June 25, 2018

By Aislinn Sarnacki, BDN Staff

Two Maine snowshoers won multiple medals at the Dion U.S. National Snowshoe Championships, held March 15-17 in the Cascade Mountains of Oregon.

University of Maine sophomore Carolyn Stocker, 20, won gold in her age group, 20-24, and finished third overall in the women’s race, earning a spot on the U.S. National Snowshoe Team. The team, made up of 16 of the best snowshoers in the country, will compete in the 2014 World Snowshoe Championship in Sweden in February.

“I definitely want to go to that,” said Stocker, who is on the UMaine track and cross country teams. “I’ve never been to Europe. We’ll see with track season, though. It’s in the middle of track season.”

In the men’s race, Peter Keeney, 46, of Bar Harbor won a gold medal in his age category, 45-49, for the third consecutive year at the nationals, though his time did not qualify him for the U.S. national team.

At the event, 200 competitors represented 25 U.S. states and Canada at the Virginia Meissner Sno-Park in Bend, Ore., where the challenging, hilly, 10-kilometer course started at roughly 5,000 feet above sea level — quite a change for Stocker and Keeney, who trained at lower elevations in Maine.

“I do a lot of uphill running,” said Keeney of his training regimen. “One of my favorite runs is running up Cadillac Mountain. Last year, I ran up Cadillac Mountain 105 times — usually twice a week. I think it’s 8.4 miles from where I park off Eagle Lake Road.”

“My coach at UMaine is awesome because he lets me snowshoe,” Stocker said. “I do a track workout, but then for my other workout, he lets me do a snowshoe or a tempo run because he knows I love to snowshoe.”

The 2013 nationals open was two laps around a 5-kilometer loop course that travels up and down a steep hill.

“I thought this course was the toughest out of the three that I’ve been to,” Keeney said. “About three-quarters of a mile in, you have a hill that you climb maybe 600-700 feet … Then, there was a really straight downhill. It was really technical. And the weather was in the 40s, so it was really slippery.”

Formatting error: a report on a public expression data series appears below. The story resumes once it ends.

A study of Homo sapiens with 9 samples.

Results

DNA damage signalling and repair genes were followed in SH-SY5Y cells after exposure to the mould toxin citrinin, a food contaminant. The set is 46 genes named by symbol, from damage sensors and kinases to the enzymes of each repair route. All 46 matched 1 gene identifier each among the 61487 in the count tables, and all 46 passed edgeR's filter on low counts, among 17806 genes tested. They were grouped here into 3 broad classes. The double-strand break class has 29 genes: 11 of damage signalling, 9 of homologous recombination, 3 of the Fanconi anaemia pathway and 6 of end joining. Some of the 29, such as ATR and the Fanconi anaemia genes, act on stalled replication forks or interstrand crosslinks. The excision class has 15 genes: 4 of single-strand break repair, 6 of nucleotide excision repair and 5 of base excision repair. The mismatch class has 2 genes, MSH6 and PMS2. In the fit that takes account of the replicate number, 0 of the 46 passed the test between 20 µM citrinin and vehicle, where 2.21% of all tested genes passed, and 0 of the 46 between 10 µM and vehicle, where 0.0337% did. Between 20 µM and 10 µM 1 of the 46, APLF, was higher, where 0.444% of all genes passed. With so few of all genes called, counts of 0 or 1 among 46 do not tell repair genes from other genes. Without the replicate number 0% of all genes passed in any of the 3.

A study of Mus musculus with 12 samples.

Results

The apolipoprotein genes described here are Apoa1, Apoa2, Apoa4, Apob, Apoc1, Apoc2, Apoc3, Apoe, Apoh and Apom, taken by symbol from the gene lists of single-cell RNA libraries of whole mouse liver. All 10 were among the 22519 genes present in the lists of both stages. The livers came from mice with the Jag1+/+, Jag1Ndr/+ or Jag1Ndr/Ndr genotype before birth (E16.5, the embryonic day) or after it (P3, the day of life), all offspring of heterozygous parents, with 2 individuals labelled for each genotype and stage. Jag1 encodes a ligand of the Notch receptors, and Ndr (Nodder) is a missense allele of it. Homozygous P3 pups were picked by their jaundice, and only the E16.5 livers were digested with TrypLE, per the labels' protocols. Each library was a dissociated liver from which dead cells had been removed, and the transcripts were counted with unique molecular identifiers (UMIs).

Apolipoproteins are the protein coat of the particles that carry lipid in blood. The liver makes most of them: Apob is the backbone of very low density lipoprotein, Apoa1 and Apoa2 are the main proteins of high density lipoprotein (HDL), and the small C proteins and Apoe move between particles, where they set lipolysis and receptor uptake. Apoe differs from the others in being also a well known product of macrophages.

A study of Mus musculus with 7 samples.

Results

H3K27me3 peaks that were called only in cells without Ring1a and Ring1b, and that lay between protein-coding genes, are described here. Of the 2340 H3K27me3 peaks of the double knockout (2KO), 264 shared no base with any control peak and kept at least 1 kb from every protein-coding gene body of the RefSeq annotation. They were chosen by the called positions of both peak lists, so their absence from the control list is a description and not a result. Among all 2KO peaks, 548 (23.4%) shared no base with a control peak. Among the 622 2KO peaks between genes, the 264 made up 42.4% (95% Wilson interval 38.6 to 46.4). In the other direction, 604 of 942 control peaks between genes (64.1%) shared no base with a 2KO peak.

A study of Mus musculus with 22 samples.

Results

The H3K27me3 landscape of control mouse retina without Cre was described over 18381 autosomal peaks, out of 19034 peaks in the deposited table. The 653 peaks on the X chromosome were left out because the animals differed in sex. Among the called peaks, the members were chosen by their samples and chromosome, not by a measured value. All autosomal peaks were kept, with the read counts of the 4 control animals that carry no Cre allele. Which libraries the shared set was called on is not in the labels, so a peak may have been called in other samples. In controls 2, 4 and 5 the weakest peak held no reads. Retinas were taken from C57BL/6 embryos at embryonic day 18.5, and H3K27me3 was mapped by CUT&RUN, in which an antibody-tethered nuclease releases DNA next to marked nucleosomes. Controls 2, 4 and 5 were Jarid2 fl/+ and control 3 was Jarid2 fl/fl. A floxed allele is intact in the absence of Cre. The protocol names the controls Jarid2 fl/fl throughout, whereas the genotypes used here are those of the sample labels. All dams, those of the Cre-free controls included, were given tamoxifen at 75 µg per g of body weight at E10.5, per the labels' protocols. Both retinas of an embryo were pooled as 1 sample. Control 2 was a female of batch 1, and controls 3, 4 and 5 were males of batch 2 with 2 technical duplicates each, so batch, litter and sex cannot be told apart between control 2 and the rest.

“I’m a mountain runner, too, in the summer,” said Stocker, “so I love hills. The worst part for me was going down. We were the last race, so by our race, it was all melty and slushy.”

Stocker ran the 10-kilometer race in 1 hour, 2 minutes, 52.8 seconds; and Keeney ran it in 1:05:53.5.

Both were battling physical challenges. Stocker had a cold going into the event, and Keeney had spent the previous four weeks recovering from a calf strain.

“I just try to run my best race,” Keeney said. “I try to just have a clean, open slate, an open mind. If I run a good race, it doesn’t matter who I’m running against.”

Keeney attended the national championships with the Dion Snowshoes Team, which he has been a member for about three years. One of his favorite aspects of nationals is spending time with the team and talking to junior athletes about the sport.

“It’s a great workout,” Stocker said. “You do run slow. It does hurt, though — it’s one of the most painful things ever. If you think about it, it’s like doing high knees the whole time.”

Encouraged by her father’s enthusiasm for snowshoe running, Stocker began racing during her senior year of high school in Westfield, Mass., and progressed to compete in the 2011 nationals held in Cable, Wis.

“I like it because it’s all in the woods,” Stocker said. “I’m definitely an outdoor girl … and the people who do the race are all just happy people.”

The following year, while studying nutrition and sustainable foods at UMaine in Orono, she was unable to attend the 2012 nationals due to an injury.

This year, Stocker attended the national championships with her father, Wayne Stocker, who was second in his age group (54-59), and her sister, Lauren Stocker, 23, who won the women’s 5-kilometer citizen race, which is open to anyone.

Coincidentally, Keeney also began snowshoe racing in western Massachusetts, where the sport is highly celebrated.

“The Western Mass Athletic Club puts on a [snowshoe race] series, and then in New Hampshire there’s a series,” Stocker said. “Unfortunately, Maine doesn’t have a set series, and it’s hard because it’s three hours to travel to some of the races in Maine.”

Since moving to Maine in 1997, Keeney has become one of the key people promoting the sport in Maine. He is the lead organizer of the State of Maine Championship Snowshoe Race held in the Great Pond Mountain Wildlands in Orland, a race that became a qualifier for the nationals in 2012.

Next year’s nationals will take place at Prospect Mountain in Vermont.

“Just go out and try it because it’s so much fun,” Stocker advises people who might be interested in the sport. “Don’t go out too fast because it does hurt, and it’s a long race — just have fun in the snow.”

To see the results of the 2013 National Snowshoe Championships, visit www.snowshoeracing.com/national_championship13.htm.